Lady Gaga recently revealed that she experienced a psychotic breakdown after being raped at the age of 19. Gaga opened up for the first time about this traumatic, life-changing event for the first episode of Oprah Winfrey and Prince Harry’s Apple TV+ series, The Me You Can’t See. The series tackles the issue of mental health, talking to various experts and people who have struggled with issues such as depression, anxiety, and the aftermath of traumatic events. In the episode Say It Out Loud, Gaga explains that her rapist had threatened to destroy all her music before raping her, proceeding to drop her on a street corner pregnant, vomiting, and sick. Gaga cried, and said she refused to name her attacker because she could “never face that person again.” She stated that although she understood that the #MeToo movement was all about speaking out, she was uncomfortable with identifying and taking legal action against her rapist.
Gaga’s breakdown actually occurred years after the rape. She said she was still trying to stay afloat when she picked up her Oscar for her song Shallow, which she wrote for the Bradley Cooper film Star is Born. She realized she was battling PTSD when she began feeling pain and numbness, and various tests revealed her problem wasn’t physical – it was the result of mental trauma. Gaga has since addressed her pain through her art, in songs like Swine and ‘Til It Happens to You.
The Case For Speaking Out
Sexual assault and rape cases can be some of the most difficult to bring to court because many victims find it traumatic to relive the crime, talk to investigators, answer questions, or go through an invasive sexual assault forensic exam (colloquially known as a ‘rape kit’). The justice system can make people feel unfairly judged for actions or omissions in the hours or minutes leading up to the assault or rape. However, as any experienced sexual abuse lawyer will advise, when a man or woman is sexually assaulted or raped, having a rape kit procedure performed quickly is important when it comes to gathering evidence. Speaking out against sexual abuse may be difficult, but if the criminal is convicted, then it could stop another victim from experiencing the same trauma. Disclosure can also help victims feel vindicated and safer.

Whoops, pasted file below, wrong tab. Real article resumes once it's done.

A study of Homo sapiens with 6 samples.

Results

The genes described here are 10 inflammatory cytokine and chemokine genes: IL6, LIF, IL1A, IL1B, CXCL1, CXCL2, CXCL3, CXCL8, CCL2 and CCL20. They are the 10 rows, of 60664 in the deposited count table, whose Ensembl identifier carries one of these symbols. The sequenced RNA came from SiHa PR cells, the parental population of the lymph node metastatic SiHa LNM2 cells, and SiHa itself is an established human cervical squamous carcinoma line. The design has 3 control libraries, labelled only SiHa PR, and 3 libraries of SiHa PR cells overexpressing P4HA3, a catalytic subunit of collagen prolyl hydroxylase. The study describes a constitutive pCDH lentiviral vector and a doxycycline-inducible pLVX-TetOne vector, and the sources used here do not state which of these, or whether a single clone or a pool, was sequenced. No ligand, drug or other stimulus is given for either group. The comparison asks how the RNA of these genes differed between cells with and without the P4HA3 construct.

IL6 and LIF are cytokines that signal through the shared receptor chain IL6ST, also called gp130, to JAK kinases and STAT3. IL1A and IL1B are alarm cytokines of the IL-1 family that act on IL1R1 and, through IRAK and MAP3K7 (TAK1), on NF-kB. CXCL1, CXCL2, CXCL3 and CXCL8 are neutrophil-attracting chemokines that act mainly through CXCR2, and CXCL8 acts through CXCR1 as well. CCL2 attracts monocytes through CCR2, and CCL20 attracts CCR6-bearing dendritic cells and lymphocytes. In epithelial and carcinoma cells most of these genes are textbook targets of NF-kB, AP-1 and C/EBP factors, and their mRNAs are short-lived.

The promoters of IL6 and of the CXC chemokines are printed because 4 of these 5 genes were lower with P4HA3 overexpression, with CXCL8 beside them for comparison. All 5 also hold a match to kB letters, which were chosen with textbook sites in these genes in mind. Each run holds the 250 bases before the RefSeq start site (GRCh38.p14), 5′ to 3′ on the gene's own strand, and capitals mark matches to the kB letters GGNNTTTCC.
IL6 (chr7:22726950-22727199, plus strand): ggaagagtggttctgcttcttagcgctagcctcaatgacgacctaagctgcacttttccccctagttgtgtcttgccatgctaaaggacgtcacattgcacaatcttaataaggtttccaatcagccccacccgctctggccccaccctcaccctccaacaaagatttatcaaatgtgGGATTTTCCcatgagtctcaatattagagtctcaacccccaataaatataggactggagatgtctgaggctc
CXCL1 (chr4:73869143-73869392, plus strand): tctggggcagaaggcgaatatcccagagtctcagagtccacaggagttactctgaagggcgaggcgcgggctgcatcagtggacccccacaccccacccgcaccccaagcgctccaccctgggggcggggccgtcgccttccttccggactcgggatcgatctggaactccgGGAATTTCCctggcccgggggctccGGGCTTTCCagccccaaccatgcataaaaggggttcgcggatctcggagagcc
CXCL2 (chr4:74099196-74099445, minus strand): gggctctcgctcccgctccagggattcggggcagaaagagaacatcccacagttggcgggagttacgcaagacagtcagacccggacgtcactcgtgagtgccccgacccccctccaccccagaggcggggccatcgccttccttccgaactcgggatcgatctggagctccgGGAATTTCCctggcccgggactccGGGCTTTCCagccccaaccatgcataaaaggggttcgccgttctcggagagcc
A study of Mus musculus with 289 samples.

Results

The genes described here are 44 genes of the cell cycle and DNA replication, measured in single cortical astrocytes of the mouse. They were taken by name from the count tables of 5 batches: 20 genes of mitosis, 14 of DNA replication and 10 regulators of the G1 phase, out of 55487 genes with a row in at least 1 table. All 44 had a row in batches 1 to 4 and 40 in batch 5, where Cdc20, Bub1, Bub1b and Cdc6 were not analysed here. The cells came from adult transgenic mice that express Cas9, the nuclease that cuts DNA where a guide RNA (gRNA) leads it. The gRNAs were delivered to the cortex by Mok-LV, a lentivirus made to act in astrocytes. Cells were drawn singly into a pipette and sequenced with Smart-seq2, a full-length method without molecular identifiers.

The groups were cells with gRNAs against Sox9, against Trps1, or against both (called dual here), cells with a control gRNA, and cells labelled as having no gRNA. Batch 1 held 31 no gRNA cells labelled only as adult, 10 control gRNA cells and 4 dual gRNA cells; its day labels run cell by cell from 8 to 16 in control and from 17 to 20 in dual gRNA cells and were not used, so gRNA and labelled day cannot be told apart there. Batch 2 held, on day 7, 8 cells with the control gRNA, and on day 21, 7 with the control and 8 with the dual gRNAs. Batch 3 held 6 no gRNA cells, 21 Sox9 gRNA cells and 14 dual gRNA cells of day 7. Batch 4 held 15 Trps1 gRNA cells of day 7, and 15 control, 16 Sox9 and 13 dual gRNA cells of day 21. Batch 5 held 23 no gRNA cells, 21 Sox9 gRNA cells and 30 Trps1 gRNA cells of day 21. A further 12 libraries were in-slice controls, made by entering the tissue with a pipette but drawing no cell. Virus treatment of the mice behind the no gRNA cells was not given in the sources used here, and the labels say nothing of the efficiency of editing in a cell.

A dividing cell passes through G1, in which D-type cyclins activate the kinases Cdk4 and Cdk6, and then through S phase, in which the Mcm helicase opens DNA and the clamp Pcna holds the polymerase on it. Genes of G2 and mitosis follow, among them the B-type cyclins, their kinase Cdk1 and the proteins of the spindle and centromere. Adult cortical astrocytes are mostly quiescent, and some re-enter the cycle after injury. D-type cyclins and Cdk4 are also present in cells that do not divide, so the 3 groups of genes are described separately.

Why Some Rape And Sexual Assault Victims Prefer To Stay Silent
Only 230 assaults of every 1,000 that take place are reported – as reported by the Rape, Abuse, and Incest National Network (RAINN). In a study published in the journal Violence Against Women, participants who had experienced this type of crime answered tough questions about why some preferred to stay silent. The reasons included “shame or embarrassment, minimization of the experience, fear of consequences, and privacy,” with researchers finding that despite the benefits of disclosure, non-disclosers who minimized the attack or who said they felt less shame had less PTSD symptoms than those who chose to disclose. The researchers concluded that ultimately, victims had to decide for themselves about which course of action was most beneficial.
Lady Gaga has opened up like never before, disclosing a traumatic rape that caused her to have a breakdown and change her as a person forever. Her breakdown actually occurred several years after she was raped at the age of 19. Gaga and other celebrity cases bring up the value of the #MeToo movement and disclosure. Reporting rape and sexual abuse is key when it comes to keeping criminals from reoffending. However, research also indicates that some victims choose to stay silent in order to avoid the trauma that can accompany an investigation.